October 13, 2014

I consider myself an active member of what I like to call, “Generation 5 Minutes Ago.”  We are those who don’t possess the patience to wait 3 minutes for a Netflix movie to load or for our computers to connect to the Internet, and we are also those individuals who do not like waiting to hear about breaking news.

We are the ones who get our news, not from the paper or TV, but from Twitter and Facebook.  If we don’t know the answer to a pressing question, we “Google It” and are given an immediate response.  

The University of Alabama recently shut down and searched its Tutwiler Hall after reports of an anonymous threat against the women in that dorm surfaced on YouTube.  Campus police learned of the threat through the parents of a student at the University and responded quickly, but students were not given details of the event until after midnight, nearly two hours after the students learned of the situation online.

I think that is why the students living at Tutwiler Hall and members of the Greek system at the University of Alabama became so inflamed.  Being members of Generation 5 Minutes Ago, it was hard for them to understand why it took so long to receive details concerning a threat that was very real for them, even if the threat of present danger ended up being unfounded.

There is a real generational gap between students and school officials when it comes to technology and how students access news.  Students rely on real-time streaming of news and information, and those from different generations have not quite grasped how quickly students can grab news alerts. That’s not to say they aren’t working on it or aren’t providing for student needs as quickly as possible. In my experience, schools genuinely want to keep students as informed and safe as possible, but perhaps school officials lack the manpower to do just that, as effectively as we would like. 

When I was an undergraduate student, my school was testing a new technologically-based system that would send text messages to students alerting the student body to present dangers, such as fire drills, earthquakes, and if the school is placed on a locked-down alert.

At times, the text messages were annoying to students, especially for things like fire drills, and the ever present earthquakes. But when these alerts were really needed, like in 2012 when the school was placed on lock down because of an armed robber loose on campus, it suddenly became amazing to know that our school made the best use of technology to alert students immediately to the danger and to what was going on. We felt like the school was doing its part to keep us aware of the situations in our way: by taking advantage of the fact that students are always glued to our phones, computers, and other technology.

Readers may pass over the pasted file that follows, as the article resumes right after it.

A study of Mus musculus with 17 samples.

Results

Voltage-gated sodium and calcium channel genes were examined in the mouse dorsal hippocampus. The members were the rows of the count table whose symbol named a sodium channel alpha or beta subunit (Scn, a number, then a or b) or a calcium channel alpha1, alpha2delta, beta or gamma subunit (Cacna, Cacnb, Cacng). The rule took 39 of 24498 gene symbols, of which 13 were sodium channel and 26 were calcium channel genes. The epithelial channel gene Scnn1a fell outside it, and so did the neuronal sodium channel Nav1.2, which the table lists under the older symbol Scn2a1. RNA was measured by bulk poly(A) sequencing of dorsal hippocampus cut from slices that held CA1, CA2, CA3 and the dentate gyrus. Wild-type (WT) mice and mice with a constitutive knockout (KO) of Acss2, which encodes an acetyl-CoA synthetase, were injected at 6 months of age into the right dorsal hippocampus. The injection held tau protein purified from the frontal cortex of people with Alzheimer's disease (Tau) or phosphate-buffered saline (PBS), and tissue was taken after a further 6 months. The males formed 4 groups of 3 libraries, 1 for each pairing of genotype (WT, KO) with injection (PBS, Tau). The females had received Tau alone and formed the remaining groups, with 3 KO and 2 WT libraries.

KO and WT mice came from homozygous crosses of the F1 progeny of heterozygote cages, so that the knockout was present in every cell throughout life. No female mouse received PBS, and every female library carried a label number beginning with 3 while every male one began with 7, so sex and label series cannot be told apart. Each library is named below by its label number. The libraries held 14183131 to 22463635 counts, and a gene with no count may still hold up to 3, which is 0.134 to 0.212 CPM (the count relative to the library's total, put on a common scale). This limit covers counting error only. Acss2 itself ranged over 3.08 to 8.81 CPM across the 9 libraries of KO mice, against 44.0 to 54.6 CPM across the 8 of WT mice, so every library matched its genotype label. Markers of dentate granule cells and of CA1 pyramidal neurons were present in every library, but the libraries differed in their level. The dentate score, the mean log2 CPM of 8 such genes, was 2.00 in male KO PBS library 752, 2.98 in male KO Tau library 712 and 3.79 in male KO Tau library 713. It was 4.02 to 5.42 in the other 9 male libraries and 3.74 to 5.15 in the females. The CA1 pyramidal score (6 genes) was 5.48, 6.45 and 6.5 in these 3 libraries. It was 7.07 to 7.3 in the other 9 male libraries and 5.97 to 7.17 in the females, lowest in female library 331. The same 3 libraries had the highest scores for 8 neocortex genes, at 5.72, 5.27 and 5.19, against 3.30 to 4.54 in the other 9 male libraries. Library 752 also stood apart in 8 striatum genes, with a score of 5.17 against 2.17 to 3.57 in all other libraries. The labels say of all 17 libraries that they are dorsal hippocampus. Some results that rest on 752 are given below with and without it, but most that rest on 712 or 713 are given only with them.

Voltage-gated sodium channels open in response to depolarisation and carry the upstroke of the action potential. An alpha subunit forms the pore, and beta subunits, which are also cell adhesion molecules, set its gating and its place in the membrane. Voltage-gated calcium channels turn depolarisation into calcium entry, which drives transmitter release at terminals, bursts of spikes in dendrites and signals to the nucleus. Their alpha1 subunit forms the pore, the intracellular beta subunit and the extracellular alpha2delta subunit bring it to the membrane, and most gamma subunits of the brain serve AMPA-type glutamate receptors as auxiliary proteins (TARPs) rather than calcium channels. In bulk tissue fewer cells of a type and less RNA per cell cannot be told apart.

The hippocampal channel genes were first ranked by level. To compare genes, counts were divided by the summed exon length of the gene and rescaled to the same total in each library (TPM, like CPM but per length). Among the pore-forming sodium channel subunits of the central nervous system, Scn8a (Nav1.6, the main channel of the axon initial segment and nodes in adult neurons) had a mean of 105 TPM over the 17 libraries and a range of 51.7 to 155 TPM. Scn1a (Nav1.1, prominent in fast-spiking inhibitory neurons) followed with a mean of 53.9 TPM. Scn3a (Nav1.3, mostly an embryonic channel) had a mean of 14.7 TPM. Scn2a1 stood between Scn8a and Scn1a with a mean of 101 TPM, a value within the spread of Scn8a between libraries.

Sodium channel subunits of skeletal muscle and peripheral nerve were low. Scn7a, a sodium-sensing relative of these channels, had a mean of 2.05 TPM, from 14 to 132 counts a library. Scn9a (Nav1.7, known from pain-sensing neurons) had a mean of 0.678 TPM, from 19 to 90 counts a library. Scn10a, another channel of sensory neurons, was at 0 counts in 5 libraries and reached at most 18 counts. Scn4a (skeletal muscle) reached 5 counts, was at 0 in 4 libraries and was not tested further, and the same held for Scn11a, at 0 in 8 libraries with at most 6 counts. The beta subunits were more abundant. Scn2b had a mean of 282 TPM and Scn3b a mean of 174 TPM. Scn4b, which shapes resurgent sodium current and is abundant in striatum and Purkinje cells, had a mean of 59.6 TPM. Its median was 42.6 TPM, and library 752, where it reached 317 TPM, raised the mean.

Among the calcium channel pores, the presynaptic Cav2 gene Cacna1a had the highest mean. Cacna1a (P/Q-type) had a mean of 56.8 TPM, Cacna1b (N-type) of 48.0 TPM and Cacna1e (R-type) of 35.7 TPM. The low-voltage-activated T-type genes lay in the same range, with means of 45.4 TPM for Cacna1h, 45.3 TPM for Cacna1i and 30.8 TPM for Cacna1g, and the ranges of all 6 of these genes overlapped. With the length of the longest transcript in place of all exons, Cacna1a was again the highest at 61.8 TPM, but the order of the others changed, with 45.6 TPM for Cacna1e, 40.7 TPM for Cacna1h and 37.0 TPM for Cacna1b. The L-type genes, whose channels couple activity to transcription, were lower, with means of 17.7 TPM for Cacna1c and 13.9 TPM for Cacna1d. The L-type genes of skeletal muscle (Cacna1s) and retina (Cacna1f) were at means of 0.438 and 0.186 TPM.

I can see that this might also be a double-edged sword in that police and school officials probably don’t want to stir panic unnecessarily.  This is probably why the University of Alabama held off saying anything to students for two hours, while they extended a 45 minute search resulting in no indication of weapons or danger.  

If I were a student at the University of Alabama, I would personally rather get my information, via technology or press release, from police and school officials than have to find out online or on my own. When left to my own devices, I will always jump to the worst-case scenario; and this generally happens for most students who find bits and pieces of the news on social media, making judgments on the situation without having the full truth on the situation.  At least if the information came from the school, officials could set the stage to quell the fears of students and parents, rather than leave them speculating online.  Additionally, for a member of Generation 5 Minutes Ago, waiting is the worst form of torture that could be inflicted upon us, especially waiting for news that will directly affect us in an adverse way. End point: find a way to take advantage of alerting us to news in the quickest and most effective way possible. 

Students on the University of Alabama’s campus are still expressing fear over recent threats to school security.  This situation is another tribute to the power that social media has for those of us who grew up in the Internet age.  Students of this generation are information-hungry, and school officials and police across universities should address our needs, particularly in attempting to get a school’s internal temperature back to normal.